Becoming DMARC compliant should be the goal of any business that sends email to current or potential customers. DomainKeys Identified Mail (DKIM) is a protocol that contributes to DMARC compliancy and enables a company to take responsibility for sent messages that can be verified by mailbox providers. Essentially, it allows the outbound domain to digitally sign email to provide legitimacy for the receiver. Once you have DMARC set up and begin reviewing your Delivery Center DKIM reports, both DKIM authentication and alignment categories will be important features of your data.

Authentication and Alignment

Like its SPF brethren, DKIM is evaluated on two levels for DMARC compliance: authentication and alignment. DMARC relies on these standards to reach full compliance. Therefore, each measure must pass for DMARC to be properly applied to your brand’s emails. If you haven’t published a DKIM record for all domains/subdomains that send email on your behalf, we advise you to do so now.

Basically, DKIM authentication means the transmitted message was correctly signed by the “d=” domain in the DKIM header. This authenticity vouches for the sent email on the sender’s behalf, which helps ensure delivery and reinforces brand trust by the recipient. To pass DKIM authentication, the inbound server will take relevant DKIM components of the email and check for a DKIM DNS record to confirm the signature matches. If it does, the message passes DKIM authentication.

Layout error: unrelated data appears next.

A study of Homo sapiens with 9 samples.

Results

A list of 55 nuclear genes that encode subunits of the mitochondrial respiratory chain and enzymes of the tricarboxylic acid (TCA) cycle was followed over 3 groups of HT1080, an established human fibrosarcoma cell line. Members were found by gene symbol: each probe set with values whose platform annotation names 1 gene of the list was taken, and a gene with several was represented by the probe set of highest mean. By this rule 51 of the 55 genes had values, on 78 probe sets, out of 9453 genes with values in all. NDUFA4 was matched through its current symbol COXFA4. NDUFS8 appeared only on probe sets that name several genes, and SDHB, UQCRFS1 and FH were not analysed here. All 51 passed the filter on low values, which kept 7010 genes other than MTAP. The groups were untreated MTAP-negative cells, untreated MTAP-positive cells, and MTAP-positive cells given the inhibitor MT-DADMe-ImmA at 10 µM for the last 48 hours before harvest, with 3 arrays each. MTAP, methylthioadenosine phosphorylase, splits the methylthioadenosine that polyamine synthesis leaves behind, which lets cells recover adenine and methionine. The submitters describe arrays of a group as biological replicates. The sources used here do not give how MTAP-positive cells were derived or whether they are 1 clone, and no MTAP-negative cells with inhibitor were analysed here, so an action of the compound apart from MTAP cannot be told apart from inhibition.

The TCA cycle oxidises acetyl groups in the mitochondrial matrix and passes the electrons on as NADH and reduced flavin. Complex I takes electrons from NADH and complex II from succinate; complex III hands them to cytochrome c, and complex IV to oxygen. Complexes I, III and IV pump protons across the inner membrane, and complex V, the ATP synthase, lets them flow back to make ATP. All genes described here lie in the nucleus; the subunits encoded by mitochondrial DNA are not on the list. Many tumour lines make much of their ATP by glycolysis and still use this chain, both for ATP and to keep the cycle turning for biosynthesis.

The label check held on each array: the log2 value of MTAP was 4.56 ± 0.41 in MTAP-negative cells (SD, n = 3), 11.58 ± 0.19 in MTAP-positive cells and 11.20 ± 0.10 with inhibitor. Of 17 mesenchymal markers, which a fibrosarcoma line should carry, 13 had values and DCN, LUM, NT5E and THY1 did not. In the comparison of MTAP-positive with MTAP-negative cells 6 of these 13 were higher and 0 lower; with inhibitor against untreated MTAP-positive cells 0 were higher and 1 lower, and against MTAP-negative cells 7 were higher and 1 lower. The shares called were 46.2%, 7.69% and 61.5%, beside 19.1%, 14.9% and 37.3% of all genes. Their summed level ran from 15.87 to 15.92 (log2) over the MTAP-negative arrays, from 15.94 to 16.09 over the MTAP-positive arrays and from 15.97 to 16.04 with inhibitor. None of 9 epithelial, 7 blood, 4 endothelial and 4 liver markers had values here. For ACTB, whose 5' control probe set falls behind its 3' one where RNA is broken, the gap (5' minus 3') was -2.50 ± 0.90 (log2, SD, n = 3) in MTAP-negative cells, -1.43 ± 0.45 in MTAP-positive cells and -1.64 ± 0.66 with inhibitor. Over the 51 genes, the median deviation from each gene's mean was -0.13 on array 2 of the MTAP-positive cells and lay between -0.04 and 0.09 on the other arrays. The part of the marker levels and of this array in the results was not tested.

Alignment is another DKIM test that consists of inboxes checking whether the Organizational domain name (in multiple parts of the message) matches. Emails pass this assessment when the <From:> header visible to the receiver matches the “d=” domain used in the DKIM header. By default, this match looks for the primary domain to sync between the two domains so messages that contain a subdomain will align.

To achieve 100% DMARC compliance, authentication and alignment must pass their respective test. Specific to your brand, confirming both DKIM authentication and alignment function correctly helps the domain achieve optimal DMARC compliance, resulting in higher email delivery rates to intended inboxes and less spoofing/phishing attacks. What business doesn’t want that?